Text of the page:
The problem with not metering limited resources is that it can drive the wrong economic behavior.

Gordon Haff
Gordon Haff
Gordon Haff is Red Hat's cloud evangelist although the opinions expressed here are strictly his own. He's focused on enterprise IT, especially cloud computing. However, Gordon writes about a wide range of topics whether they relate to the way too many hours he spends traveling or his longtime interest in photography.
4 min read

In the 1980s, New York City undertook a huge project to begin metering residential water service and charging for individual apartment and condo water use rather than simply assessing a flat fee as had been the norm. It was as huge and contentious a project as one would imagine. Why go to all this trouble and expense?

Well, you hardly have to be a radical free market economic thinker to accept that there's generally a connection between how much something costs and how much people consume. The higher the price, the less you use. In this case, the incentives have more to do with installing water-efficient fixtures, fixing leaky faucets, and the like. But the idea is the same. In short, New York wanted residents to start conserving water and realized that financial incentives were the only practical way to make this happen.

On the enterprise IT scene, I'm seeing the same sorts of issues replayed around datacenter power consumption. Most everyone professes great concern for how "green" (to use the trendy lingo of the moment) their operations are. In practice, if the power bill isn't in their budget (and is therefore effectively a flat rate of $0) nothing much usually happens until someone higher up who is responsible for all the relevant money flows makes it so.

But incentives for efficient datacenters is a topic for another day. Let's talk broadband instead. There's considerable ruckus brewing over whether it's right and proper for ISPs to meter their broadband pipes to at least some degree. It's a contentious topic--and one on which I find myself much torn.

I have no particular love for the telcos. Customer service tends to range from mediocre to awful, a problem only exacerbated by the common case where one provider is "the only game in town." (I was reminded of this just a couple of weeks ago when trying to track down a phone line problem.) And they have a history of tacking on all manner of add-on charges--leading one to suspect that usage caps or metered usage are just the latest such.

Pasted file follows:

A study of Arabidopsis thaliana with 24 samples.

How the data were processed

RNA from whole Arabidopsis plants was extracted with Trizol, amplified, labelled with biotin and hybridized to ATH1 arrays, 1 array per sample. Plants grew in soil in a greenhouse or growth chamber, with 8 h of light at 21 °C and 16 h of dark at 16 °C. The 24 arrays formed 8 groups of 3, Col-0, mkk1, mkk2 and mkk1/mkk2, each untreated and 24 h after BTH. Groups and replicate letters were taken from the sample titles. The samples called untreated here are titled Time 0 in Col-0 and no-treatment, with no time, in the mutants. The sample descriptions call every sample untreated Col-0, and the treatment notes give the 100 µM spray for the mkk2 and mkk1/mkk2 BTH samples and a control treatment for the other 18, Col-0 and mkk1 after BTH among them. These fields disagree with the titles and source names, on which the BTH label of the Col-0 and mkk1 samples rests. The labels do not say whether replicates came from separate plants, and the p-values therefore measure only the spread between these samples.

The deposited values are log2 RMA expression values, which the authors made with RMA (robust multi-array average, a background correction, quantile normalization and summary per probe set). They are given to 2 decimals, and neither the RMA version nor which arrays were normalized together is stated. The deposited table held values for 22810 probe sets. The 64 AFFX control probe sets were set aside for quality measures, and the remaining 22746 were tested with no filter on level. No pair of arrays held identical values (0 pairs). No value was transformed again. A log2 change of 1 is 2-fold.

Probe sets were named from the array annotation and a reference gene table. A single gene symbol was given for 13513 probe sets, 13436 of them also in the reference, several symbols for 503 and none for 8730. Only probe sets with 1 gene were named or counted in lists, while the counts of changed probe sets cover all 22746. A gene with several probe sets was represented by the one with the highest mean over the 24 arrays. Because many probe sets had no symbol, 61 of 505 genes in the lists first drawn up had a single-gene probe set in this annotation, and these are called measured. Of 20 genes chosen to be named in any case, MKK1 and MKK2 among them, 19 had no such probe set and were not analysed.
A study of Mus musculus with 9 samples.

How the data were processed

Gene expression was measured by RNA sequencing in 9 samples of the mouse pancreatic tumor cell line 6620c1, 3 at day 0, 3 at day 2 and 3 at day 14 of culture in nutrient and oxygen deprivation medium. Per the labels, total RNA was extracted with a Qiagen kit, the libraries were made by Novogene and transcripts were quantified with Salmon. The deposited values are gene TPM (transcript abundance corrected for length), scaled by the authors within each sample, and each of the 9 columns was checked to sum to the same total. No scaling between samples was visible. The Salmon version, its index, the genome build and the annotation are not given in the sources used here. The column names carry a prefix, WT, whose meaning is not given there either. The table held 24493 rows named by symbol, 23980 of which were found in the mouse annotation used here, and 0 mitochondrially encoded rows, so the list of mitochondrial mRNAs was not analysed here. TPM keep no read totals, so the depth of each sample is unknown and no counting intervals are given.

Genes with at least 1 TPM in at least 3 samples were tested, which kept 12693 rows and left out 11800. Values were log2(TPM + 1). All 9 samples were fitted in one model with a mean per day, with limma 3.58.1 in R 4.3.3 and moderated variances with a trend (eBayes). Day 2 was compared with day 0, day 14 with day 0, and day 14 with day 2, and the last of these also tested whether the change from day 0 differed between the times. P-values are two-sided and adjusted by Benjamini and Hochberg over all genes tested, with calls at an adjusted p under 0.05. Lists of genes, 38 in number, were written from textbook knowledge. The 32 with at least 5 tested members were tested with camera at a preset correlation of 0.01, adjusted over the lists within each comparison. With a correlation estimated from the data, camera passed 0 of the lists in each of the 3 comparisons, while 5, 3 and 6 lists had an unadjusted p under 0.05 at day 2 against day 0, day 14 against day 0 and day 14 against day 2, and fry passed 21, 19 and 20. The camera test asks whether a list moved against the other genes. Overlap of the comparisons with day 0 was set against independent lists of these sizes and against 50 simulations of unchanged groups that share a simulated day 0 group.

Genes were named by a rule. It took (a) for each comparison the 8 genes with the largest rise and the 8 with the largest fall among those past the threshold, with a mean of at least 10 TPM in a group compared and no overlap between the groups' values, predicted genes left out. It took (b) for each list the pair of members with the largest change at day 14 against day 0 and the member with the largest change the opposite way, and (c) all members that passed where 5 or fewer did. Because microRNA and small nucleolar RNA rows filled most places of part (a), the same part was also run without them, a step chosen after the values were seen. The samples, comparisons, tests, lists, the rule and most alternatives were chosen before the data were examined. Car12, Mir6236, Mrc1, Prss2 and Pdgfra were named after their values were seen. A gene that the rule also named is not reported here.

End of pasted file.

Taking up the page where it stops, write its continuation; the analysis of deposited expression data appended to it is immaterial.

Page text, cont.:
Furthermore, I, like just about everyone else, prefers the predictability of flat-rate pricing. Especially when it's easy to imagine that network bandwidth consumption could well be much more variable than electric or water bills. It's not randomness that led dial-up ISPs to switch to unlimited plans essentially en masse. I remember counting my (expensive) on-line minutes at the old Compuserve; there was nothing customer-friendly about that.

And what of all the new video services such as Amazon's Video On Demand (nee Unbox)? Do we really want to see the pricing structure of the pipes get in the way of consuming such services?

At least some accept that perhaps--just perhaps--there's some justification in price-discriminating against true outliers--those who consume hundreds of GBs of bandwidth per month. Whether it's really worth all the noise and heat doing so generates is another matter. (See fellow CNET Blog Network's Peter Glaskowsky's discussion here.) But, many others then argue, what of a future where a mainstream user is today's outlier? When video is routinely delivered 24x7 in high definition across the network.

Alas, that's where the rub is. I would sincerely like to see Moore's Law and other technical advances cheaply enable the sort of bandwidth increases that would make this possible. And my best guess is that they will--eventually. I was attending conferences well over a decade ago where online delivery of just-about-everything was "right around the corner."

At the same time, it may also turn out that--for at least some years to come--that the network really isn't the most cost-effective way to deliver certain types of content. As Andrew Tanenbaum's book Computer Networks so quotably reminds us: "Never underestimate the bandwidth of a station wagon full of tapes hurtling down the highway." Netflix has effectively applied this dictum to the delivery of video.

Over time, it will make sense to deliver the bits that represent more and more types of content over the wire. And "the industry" works every day to make that a reality. But we all also need to be practical about distinguishing what makes sense today versus what makes sense in the future. A big part of that is for both consumers and providers to react to the economics of things as they are, rather than as we wish they were. This will ultimately be the most effective way of encouraging the right kind of investments so that we can move further and further into the digital age.